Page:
Dr Tyler Tate from Oregon Health and Science University, United States, and Dr. Hossein Godazgar from University of Warwick are editing the Research Topic of ‘Religion and Bioethics: A Sociological Perspective’ for the journal Frontiers in Sociology. The call for papers and details are available here: https://www.frontiersin.org/research-topics/25414/religion-and-bioethics-a-sociological-perspective
I would be grateful if you could also circulate this to researchers and/or practitioners who might be interested in the sociological study of the intersectionality between religion and bioethics.
Submission deadlines are 31 January 2022 (for Abstracts) and 04 July 2022 (for full manuscripts). Please note that we will pursue a thorough scientific peer-review process. We look forward to receiving your abstracts and full manuscripts.
About this Research Topic
Both ‘religion’ and ‘morality’ were central themes in sociology as practised by its pioneers in the late-19th and early-20th centuries. However, their central position as major fields of social scientific enquiry and attention has been lost over time. This Research Topic is an attempt to recover these traditional, long-forgotten, but vital, parts of sociology. In doing so, it focuses on the conceptual interrelationship between the meanings of ‘religion’ and ‘bioethics’ at the ‘first-order’, everyday ‘lay’ or ‘folk’ level in various social contexts across the world from countries of the ‘global north’ to those of the ‘global south’ and from so-called ‘Abrahamic religions’, i.e. Judaism, Christianity and Islam, to ‘non-Abrahamic religions’, such as Hinduism, Buddhism, Shintoism, Confucianism, Sikhism and the so-called ‘indigenous religions’ of animism, naturalism and totemism.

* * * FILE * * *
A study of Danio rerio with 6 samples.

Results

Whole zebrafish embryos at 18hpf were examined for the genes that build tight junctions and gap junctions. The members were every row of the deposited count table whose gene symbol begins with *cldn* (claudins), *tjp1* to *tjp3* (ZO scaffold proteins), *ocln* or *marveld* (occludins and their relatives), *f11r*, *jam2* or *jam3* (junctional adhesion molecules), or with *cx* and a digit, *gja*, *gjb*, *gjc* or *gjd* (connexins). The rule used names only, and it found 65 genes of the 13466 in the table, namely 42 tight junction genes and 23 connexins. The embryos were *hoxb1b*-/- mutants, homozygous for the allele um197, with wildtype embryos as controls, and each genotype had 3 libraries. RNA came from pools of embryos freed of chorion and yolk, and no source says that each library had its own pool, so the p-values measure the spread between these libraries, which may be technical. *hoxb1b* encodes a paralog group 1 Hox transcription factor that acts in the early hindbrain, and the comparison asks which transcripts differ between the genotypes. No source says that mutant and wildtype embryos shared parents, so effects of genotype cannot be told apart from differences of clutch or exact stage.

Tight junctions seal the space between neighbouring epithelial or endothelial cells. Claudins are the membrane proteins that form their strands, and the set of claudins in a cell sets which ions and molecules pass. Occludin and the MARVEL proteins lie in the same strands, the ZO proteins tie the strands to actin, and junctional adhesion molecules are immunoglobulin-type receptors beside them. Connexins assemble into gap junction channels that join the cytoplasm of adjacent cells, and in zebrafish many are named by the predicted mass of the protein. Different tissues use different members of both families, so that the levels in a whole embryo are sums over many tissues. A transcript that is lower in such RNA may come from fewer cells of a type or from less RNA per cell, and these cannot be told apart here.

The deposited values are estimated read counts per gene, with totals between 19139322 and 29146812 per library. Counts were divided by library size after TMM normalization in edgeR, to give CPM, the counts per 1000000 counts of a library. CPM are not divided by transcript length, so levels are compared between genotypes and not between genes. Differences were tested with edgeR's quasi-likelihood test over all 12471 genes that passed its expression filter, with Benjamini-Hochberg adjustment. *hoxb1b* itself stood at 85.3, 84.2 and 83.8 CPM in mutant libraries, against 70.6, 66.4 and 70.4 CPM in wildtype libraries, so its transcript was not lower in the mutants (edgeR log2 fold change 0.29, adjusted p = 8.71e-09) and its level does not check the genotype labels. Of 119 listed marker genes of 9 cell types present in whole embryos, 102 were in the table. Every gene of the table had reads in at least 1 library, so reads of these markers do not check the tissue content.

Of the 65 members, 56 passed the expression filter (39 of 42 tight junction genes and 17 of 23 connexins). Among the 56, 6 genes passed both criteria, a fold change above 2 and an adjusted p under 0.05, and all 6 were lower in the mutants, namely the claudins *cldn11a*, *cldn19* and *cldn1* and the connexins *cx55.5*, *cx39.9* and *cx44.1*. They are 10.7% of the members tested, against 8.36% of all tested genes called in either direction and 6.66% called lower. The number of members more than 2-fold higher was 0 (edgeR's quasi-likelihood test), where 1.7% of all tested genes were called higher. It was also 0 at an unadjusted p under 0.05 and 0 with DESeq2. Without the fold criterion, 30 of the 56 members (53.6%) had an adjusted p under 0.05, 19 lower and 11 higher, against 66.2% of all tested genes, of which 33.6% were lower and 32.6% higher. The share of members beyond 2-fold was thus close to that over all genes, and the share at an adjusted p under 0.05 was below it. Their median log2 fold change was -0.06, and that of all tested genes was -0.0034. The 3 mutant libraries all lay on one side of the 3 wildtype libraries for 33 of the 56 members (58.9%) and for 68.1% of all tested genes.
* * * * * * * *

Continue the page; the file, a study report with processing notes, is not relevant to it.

This Research Topic presupposes that the meanings of both ‘religion’, as highlighted by Beckford (2003), and ‘bioethics’, as emphasised by Nietzsche (1990) and Charles Taylor (1985) in relation to the definition of ‘morality’, are by no means unitary, universal, fixed and homogenous. Their definitions change across various social contexts in time and space. As Steven Lukes (2010), referring to Hacking (1999), stresses in relation to ‘morality’, contingency, nominalism and externalism are essential components of both ‘religion’ and ‘bioethics’. Therefore, it would be fascinating to explore and understand how and to what extent the understandings of ‘religion’ (and its cognate terms, including ‘non-religion’) and ‘bioethics’ (in relation to themes such as cloning, abortion, organ transplantation and blood transfusion, sexual health and orientation, the value of life, death, killing and letting die) intersect each other in various social contexts.